Using the Web

Go to Sky & Telescope’s “Jupiter’s Moons” Web page ( Enter your date and time. Where are the four Galilean moons? Keep clicking on “+1 hour” to see how their positions change over time. Which moon passes in front of (transits) Jupiter? If possible, observe these moons for a couple of nights through a small telescope, binoculars, or telephoto camera lens. Sketch the positions of the moons.
Look at the updated lists of Jupiter’s moons on NASA’s “Our Solar System” page (; click on “Jupiter” and “Moons”) and on the Carnegie Institution of Washington Department of Terrestrial Magnetism’s (DTM) “Jupiter Satellite Page” ( What are two of the more recently discovered moons? Are the orbits retrograde? What are the eccentricities and inclinations of the orbits? Where would these new moons fit on the graph of orbits on the DTM’s website? Where did the names come from? Why are some of the more recent moons labeled “provisional”?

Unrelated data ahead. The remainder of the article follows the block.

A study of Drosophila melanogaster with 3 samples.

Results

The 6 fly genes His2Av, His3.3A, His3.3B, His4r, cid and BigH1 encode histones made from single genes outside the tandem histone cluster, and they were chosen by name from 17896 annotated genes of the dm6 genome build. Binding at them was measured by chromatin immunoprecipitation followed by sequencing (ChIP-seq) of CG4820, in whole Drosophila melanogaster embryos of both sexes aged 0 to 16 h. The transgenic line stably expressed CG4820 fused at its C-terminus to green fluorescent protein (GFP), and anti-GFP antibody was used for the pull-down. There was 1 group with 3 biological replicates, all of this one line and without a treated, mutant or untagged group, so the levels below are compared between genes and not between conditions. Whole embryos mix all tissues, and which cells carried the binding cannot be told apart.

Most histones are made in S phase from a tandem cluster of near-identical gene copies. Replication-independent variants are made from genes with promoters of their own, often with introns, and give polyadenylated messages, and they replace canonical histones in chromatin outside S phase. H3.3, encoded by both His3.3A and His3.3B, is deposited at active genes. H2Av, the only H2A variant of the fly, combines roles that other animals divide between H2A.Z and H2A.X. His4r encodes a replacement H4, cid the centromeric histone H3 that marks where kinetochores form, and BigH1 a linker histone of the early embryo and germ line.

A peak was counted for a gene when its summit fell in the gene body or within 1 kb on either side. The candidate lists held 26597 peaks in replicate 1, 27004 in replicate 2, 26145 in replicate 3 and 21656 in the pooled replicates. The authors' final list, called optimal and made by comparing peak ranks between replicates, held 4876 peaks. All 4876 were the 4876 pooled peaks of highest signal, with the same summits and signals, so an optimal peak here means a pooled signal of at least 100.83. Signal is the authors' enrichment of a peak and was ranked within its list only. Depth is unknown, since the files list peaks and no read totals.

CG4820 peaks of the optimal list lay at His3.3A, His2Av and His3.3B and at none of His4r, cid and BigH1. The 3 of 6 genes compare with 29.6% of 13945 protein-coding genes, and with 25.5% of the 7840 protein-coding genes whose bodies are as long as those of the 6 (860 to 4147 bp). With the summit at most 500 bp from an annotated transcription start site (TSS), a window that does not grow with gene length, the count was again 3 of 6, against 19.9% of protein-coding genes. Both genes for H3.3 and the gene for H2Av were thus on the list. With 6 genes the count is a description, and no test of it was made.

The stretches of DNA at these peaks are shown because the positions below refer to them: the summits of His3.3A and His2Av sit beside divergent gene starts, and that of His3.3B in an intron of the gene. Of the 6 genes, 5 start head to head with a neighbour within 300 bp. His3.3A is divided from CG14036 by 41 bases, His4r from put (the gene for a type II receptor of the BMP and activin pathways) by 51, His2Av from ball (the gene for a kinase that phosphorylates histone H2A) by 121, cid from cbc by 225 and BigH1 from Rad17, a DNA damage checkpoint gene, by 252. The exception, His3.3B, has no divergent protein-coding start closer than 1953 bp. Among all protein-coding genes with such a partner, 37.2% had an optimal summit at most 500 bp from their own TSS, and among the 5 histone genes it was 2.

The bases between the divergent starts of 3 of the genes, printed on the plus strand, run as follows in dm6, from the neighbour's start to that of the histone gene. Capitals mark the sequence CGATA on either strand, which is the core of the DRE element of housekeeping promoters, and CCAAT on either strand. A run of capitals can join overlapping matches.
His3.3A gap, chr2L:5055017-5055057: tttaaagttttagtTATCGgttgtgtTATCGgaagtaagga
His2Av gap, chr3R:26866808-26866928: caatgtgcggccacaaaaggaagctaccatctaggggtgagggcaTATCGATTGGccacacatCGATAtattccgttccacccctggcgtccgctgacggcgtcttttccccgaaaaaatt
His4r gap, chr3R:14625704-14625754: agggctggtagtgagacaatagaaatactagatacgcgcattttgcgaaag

Using the data from one of the moon websites specified in question 2 show that P2/A3 is the same as it was for Io and Europa in Math Tools 11.1 (watch your units—P should be in days).
Go to the website for the Cassini mission ( Is Cassini still making observations? Look at a Cassini image of one of Saturn’s moons. What does this image reveal about Saturn? Watch the video at to listen to the “hiss” from the aurora. What moon is the cause of the aurora?
Do a search on “Europa mission” to see the status of proposed space missions to Europa. Have any of them been approved for funding? What will the mission study?